Leading article: A terrible price in blood and treasure

Click to follow

The human cost of the 2003 invasion of Iraq has rightly commanded a huge amount of public attention. We are well aware of the thousands of British and American soldiers who have been killed and injured in this war, as well as the tens of thousands of Iraqis who have died. But what has been given rather less scrutiny is the financial cost of this ongoing military operation. On Monday, the US President, George Bush, asked Congress for $189.3bn to fund military operations in Iraq and Afghanistan and other assorted security operations in 2008.

The White House has elided its various military requests for political reasons. It calculates that the Democrat-controlled Congress will find it more difficult to turn down a request framed as necessary for America's "security". But there is little doubt that the bulk of this expenditure will go on Iraq, where America still has upwards of 130,000 troops and an open-ended commitment to support the weak Iraqi government through force of arms.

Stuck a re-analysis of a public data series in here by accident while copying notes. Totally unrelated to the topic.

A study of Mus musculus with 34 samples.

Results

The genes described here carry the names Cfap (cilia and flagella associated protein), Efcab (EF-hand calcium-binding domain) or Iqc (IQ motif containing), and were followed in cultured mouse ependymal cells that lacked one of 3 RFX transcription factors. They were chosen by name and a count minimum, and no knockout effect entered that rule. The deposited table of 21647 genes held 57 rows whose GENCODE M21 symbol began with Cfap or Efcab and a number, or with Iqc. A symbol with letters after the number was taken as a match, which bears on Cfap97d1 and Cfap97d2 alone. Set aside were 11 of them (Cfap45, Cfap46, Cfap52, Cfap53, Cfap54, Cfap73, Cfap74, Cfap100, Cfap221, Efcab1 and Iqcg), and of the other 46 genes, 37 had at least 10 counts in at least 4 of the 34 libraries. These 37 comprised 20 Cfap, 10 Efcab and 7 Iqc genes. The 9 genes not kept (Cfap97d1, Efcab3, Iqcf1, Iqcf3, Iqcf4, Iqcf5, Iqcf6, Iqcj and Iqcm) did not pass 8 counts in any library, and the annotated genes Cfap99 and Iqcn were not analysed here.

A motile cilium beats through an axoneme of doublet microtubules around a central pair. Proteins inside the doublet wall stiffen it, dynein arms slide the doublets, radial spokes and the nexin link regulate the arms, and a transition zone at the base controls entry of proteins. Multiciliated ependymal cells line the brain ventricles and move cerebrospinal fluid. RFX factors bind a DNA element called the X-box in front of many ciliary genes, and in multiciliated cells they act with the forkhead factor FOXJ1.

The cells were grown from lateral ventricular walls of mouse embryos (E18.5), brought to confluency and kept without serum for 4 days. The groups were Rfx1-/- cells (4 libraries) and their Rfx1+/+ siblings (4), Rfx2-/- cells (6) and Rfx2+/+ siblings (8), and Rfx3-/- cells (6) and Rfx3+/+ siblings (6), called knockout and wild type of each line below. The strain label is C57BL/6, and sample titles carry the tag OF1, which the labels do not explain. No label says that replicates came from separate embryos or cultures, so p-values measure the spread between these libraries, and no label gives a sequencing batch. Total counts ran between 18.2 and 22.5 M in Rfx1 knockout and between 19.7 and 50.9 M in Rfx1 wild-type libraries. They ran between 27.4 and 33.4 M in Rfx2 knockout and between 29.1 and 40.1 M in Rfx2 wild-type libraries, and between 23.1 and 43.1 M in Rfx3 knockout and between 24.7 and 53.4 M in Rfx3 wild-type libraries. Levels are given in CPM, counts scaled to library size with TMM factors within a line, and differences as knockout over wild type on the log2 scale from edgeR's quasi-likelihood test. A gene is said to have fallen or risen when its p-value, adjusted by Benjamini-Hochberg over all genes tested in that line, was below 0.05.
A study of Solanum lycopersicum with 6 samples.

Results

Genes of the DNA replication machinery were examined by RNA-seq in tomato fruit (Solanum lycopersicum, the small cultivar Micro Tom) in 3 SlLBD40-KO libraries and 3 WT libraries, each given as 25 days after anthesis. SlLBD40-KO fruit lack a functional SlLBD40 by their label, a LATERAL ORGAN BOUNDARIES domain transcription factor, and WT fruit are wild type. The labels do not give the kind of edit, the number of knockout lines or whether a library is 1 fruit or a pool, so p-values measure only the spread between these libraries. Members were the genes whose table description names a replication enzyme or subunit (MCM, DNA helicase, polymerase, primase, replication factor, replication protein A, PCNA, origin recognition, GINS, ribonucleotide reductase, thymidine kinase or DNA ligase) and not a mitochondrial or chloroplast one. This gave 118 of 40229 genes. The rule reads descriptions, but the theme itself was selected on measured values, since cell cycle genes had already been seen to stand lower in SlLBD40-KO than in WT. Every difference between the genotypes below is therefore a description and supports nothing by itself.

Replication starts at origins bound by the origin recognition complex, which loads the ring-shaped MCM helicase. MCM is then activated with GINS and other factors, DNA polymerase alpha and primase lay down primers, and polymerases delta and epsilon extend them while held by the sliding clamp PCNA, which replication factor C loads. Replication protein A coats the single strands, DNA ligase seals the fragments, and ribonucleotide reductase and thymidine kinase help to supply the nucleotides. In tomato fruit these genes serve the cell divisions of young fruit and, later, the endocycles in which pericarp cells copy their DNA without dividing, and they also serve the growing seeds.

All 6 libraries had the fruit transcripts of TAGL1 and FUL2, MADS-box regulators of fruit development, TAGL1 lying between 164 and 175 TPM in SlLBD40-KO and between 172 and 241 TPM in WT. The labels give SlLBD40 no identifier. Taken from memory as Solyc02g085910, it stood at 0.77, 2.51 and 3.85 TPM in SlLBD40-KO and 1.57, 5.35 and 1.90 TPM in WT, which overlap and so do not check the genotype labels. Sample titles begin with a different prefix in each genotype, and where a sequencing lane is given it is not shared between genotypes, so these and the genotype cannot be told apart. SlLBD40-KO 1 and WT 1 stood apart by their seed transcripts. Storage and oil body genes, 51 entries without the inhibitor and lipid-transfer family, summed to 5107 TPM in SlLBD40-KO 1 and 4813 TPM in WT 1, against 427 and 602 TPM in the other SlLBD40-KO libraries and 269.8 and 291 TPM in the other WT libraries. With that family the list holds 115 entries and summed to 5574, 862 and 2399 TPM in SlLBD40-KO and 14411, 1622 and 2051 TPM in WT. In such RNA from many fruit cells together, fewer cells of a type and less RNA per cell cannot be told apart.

If it is passed, this funding bill would put the total cost of Iraq, Afghanistan and other counter-terrorism operations at $807bn since 2001. And it is estimated that the total cost of US military operations in Iraq could exceed $1trillion by the time Mr Bush leaves office in 2009. Such figures need some context. A study by Washington's non-partisan Center for Strategic and Budgetary Assessments calculated last month that, in today's terms, the first Gulf War cost $88bn, the Korean War $456bn and the Vietnam conflict $518bn. Iraq is on course to cost twice as much as Vietnam.

What has been gained for this financial outlay? Not much. Iraq is a state on the brink of implosion. The Middle East region is in turmoil. The threat posed to the West by Islamist terror groups has been heightened. The international reputation of the US and Britain has been gravely compromised.

It is not even as if the money assigned to the operation by the US and its allies has been spent efficiently. The State Department was forced to admit yesterday that a $1.2bn contract paid to the US firm DynCorp to train Iraqi police was so badly managed that auditors do not know how the money was spent. This newspaper revealed two years ago that the entire $1bn defence procurement budget of the Iraqi defence ministry has gone missing.

And such scandals are merely a snapshot of what has been taking place. Sizeable contracts have been awarded to US security companies with close links to the White House. Billions have been poured into corrupt Iraqi ministries. The cost in both blood and treasure of this invasion to America – and, indeed, Britain – has been vast. Yet all our political leaders seem able to offer is more of the same.